American Catholic Press
16565 S. State Street, South Holland, Illinois 60473
by Father John Dreese
The Church has three sacraments of initiation, baptism, confirmation, and Eucharist. It is presumed in the Church’s ritual, in its catechism, and in its Code of Canon Law that the three sacraments will be received in that order. The Code of Canon Law tells us that the sacrament of confirmation is to be conferred on the faithful at about the age of discretion, that is, 7-8 years old. In putting confirmation at that age, the Code reflects accurately most of the history of the Church during which confirmation preceded First Communion.
Since most Catholic adults received confirmation after their First Communion they presume that order to be normal. They find it hard to understand that the order of the two sacraments for them was backwards. It is a fact that confirmation in the early centuries of the Church was understood as the completion of baptism. This anointing after Baptism was the last step before the catechumen went into the Eucharistic assembly and received Holy Communion for the first time. Such was, and is, the normative pattern for these sacraments of initiation, as we see clearly in the Easter Vigil reception of adult converts. Once a person has received their First Communion, they are a fully initiated member of the Church, as much a Catholic as the Pope. There is no second degree membership in the Church. To receive confirmation after having received one’s First Communion is like a bride getting an engagement ring on her fifth wedding anniversary. It may be nice, but it makes no sense!
There has been some confusion in recent church history about the origins and meaning of confirmation. Some recall the theology that taught this sacrament makes us “strong Christians and soldiers of Jesus Christ.” These people think that this theology was revealed by Jesus and is unchangeably true. They remember the bishop giving children a slight slap on the cheek to remind them that they must be ready to suffer for Christ and the faith. In the new Rite of Confirmation, however, the slap is gone. In the catechesis of the Church, “strong Christians and soldiers of Jesus Christ” has disappeared. confirmation never did make young, innocent, and immature Catholics into warriors for Christ.
In the United States, because of differing practices in various dioceses and different emphases on the meaning of confirmation by various groups, the bishops received from Rome permission to administer confirmation to the faithful any time between the ages of 7 and 18. This permission was good for five years, from May 1994 to July 1999. Because the bishops could not agree on a particular age, they asked Rome to allow a wide divergence of practice,, There are now various arguments being made to defend the specific practice dear to a particular diocese or to a particular lobby in the Church (e.g. youth ministers; high school teachers). Since 1990 the bishop of Columbus has allowed our parish to combine confirmation and First Communion for second graders. In these seven years our bishop has had a chance to compare this practice with other parishes of the diocese which administer confirmation in junior high school. After a recent celebration of the combined sacraments here, he remarked to me that many of the parents seemed deeply moved and close to tears. He found them to be more intensely moved by the liturgy than parents were at other confirmations celebrated separately. To explain the difference, consider the following facts.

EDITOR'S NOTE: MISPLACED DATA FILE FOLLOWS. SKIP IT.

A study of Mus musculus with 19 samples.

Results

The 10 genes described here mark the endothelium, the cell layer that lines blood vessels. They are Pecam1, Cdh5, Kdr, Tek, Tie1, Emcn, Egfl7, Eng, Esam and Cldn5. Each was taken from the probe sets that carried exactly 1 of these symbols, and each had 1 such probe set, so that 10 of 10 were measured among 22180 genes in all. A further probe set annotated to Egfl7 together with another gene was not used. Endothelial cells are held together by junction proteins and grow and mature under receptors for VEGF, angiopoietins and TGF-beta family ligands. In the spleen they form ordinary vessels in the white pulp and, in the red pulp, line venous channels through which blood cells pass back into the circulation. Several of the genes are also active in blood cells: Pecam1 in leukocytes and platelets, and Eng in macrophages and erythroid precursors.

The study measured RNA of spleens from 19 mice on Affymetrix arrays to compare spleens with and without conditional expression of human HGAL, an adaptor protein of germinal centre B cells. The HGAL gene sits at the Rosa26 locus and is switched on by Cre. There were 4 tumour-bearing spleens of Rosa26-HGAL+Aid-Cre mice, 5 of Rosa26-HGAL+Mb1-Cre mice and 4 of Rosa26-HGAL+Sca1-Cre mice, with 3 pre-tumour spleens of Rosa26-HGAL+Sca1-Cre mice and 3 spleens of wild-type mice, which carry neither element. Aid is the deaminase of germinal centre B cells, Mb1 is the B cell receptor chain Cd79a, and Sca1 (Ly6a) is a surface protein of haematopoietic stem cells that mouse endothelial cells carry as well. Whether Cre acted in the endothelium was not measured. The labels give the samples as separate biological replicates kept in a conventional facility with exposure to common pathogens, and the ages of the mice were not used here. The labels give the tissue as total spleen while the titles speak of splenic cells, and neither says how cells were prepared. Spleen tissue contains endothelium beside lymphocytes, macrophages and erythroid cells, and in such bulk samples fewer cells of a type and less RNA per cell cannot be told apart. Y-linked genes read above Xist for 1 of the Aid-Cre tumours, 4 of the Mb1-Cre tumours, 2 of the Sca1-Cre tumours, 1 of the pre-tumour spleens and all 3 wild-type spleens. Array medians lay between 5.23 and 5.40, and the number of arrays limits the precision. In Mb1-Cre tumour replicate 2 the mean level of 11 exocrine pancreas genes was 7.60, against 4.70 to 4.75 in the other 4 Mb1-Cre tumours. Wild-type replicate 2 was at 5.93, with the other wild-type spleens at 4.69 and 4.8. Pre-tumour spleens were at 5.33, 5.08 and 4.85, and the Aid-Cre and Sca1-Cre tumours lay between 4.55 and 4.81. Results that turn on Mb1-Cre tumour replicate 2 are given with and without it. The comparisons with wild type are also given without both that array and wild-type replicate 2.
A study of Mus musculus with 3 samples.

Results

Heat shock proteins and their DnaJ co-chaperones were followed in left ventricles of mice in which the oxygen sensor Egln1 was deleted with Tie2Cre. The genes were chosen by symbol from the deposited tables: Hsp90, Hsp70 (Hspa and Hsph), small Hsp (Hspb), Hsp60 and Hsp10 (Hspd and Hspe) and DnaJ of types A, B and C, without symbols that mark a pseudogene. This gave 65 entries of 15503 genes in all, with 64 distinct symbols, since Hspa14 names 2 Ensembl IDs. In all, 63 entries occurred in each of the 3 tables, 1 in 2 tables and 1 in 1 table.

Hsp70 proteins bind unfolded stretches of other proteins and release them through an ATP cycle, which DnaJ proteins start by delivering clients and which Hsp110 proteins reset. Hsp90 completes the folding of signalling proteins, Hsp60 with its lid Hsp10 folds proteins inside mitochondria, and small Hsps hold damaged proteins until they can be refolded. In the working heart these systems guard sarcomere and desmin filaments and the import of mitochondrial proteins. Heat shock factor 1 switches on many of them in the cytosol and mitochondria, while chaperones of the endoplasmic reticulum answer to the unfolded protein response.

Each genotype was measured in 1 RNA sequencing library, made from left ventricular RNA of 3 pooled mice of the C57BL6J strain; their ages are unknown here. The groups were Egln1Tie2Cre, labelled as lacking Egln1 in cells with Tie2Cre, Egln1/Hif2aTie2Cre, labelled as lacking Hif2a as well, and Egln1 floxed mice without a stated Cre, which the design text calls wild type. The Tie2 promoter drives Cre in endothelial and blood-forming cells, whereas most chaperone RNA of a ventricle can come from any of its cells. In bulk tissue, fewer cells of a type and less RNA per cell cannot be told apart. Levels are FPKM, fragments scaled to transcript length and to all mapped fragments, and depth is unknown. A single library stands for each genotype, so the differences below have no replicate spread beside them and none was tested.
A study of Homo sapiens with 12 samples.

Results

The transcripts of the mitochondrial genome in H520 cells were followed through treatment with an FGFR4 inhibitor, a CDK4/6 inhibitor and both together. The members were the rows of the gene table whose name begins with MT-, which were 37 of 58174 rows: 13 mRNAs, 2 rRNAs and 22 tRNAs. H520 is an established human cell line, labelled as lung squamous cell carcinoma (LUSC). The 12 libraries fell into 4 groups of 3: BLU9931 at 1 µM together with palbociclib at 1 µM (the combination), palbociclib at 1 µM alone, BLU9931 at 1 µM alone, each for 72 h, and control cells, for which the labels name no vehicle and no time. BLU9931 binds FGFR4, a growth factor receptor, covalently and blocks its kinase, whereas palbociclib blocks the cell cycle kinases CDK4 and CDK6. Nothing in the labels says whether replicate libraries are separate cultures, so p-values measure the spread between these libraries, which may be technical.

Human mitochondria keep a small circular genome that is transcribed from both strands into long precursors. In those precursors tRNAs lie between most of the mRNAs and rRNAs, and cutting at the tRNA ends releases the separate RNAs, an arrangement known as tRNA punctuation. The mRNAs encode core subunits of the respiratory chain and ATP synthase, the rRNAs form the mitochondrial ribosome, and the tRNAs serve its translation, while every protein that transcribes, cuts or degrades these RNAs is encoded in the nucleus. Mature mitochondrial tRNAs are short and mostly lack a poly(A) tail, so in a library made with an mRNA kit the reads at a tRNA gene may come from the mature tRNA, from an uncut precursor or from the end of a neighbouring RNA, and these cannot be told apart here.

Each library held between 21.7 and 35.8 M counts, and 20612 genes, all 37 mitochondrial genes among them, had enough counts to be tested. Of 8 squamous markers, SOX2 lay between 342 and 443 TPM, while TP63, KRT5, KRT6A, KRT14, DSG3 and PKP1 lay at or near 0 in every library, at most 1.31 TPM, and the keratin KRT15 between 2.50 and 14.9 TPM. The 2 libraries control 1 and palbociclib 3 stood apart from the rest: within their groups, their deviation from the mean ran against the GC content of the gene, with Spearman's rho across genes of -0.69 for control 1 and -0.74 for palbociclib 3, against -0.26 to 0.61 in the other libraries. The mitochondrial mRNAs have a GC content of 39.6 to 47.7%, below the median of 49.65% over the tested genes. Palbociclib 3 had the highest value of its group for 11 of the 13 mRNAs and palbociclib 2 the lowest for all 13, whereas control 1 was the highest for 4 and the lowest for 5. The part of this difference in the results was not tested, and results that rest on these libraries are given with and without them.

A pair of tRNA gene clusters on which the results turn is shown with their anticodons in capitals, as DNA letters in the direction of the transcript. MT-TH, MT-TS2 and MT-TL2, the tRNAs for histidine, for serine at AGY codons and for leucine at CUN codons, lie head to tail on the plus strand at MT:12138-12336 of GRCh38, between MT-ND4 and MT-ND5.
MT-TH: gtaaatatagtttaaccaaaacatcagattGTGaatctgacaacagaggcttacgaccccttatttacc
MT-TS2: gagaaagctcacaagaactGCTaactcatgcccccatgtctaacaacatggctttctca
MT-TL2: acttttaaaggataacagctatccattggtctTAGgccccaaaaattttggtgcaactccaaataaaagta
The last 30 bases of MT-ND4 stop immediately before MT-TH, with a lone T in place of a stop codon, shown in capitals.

With second graders, no parent-child hassle about whether the
child is to be confirmed exists. Firm believers in Jesus, the sacraments
and the Church, the children want to be confirmed and their parents
are happy to help them. Junior high school students have entered
into adolescence with its normal rebellion against older authorities.
In that state, questioning the faith is a common characteristic.
Asking these students, at this time in their lives, to make a commitment
to a faith with which they are struggling is unnatural at best
and cruel at worst. Confirmation/First Communion in the second
grade is a family feast. Often four generations of family are present,
all joyful and happily celebrating. Parents, alienated from each
other, come together for this celebration. Their children and families
experience, if only for a day, what all believe in their hearts
marriage and family should be like, ideally. In our parish, parents instruct
their children for confirmation/First Communion. They have, therefore, not only
a sense of accomplishment when their child receives these sacraments, but they
also learn what initiation into the church means. They have taught it to their
children; and, as all know, the best way to learn is to teach.
When the bishop, the chief priest of the local Church, presides at a child’s confirmation/First Communion, the experience powerfully teaches second graders. The renewal of baptismal promises, the anointing with chrism after baptism, the invoking of the Spirit, and finally the sharing in the one bread and one cup of the Lord tell the child you have now become a full- fledged member of the Body of Christ.
Parents and sponsors watch and listen. As they participate in the completion of initiation of their children into the Church, the Body of Christ, they learn that the Eucharist is the high point of the life of the Church. That Body of Christ, into which they were incorporated by the sacraments of initiation, is most fully realized when they personally participate in the Eucharist.
Many say children are too young to be confirmed in second grade.
Clearly, however, if infants can be baptized—and in the
Eastern Church confirmed and eucharistized—then
they are not too young for confirmation. Even the new Catechism (1308)
reminds us chronological age or maturity are not required for confirmation.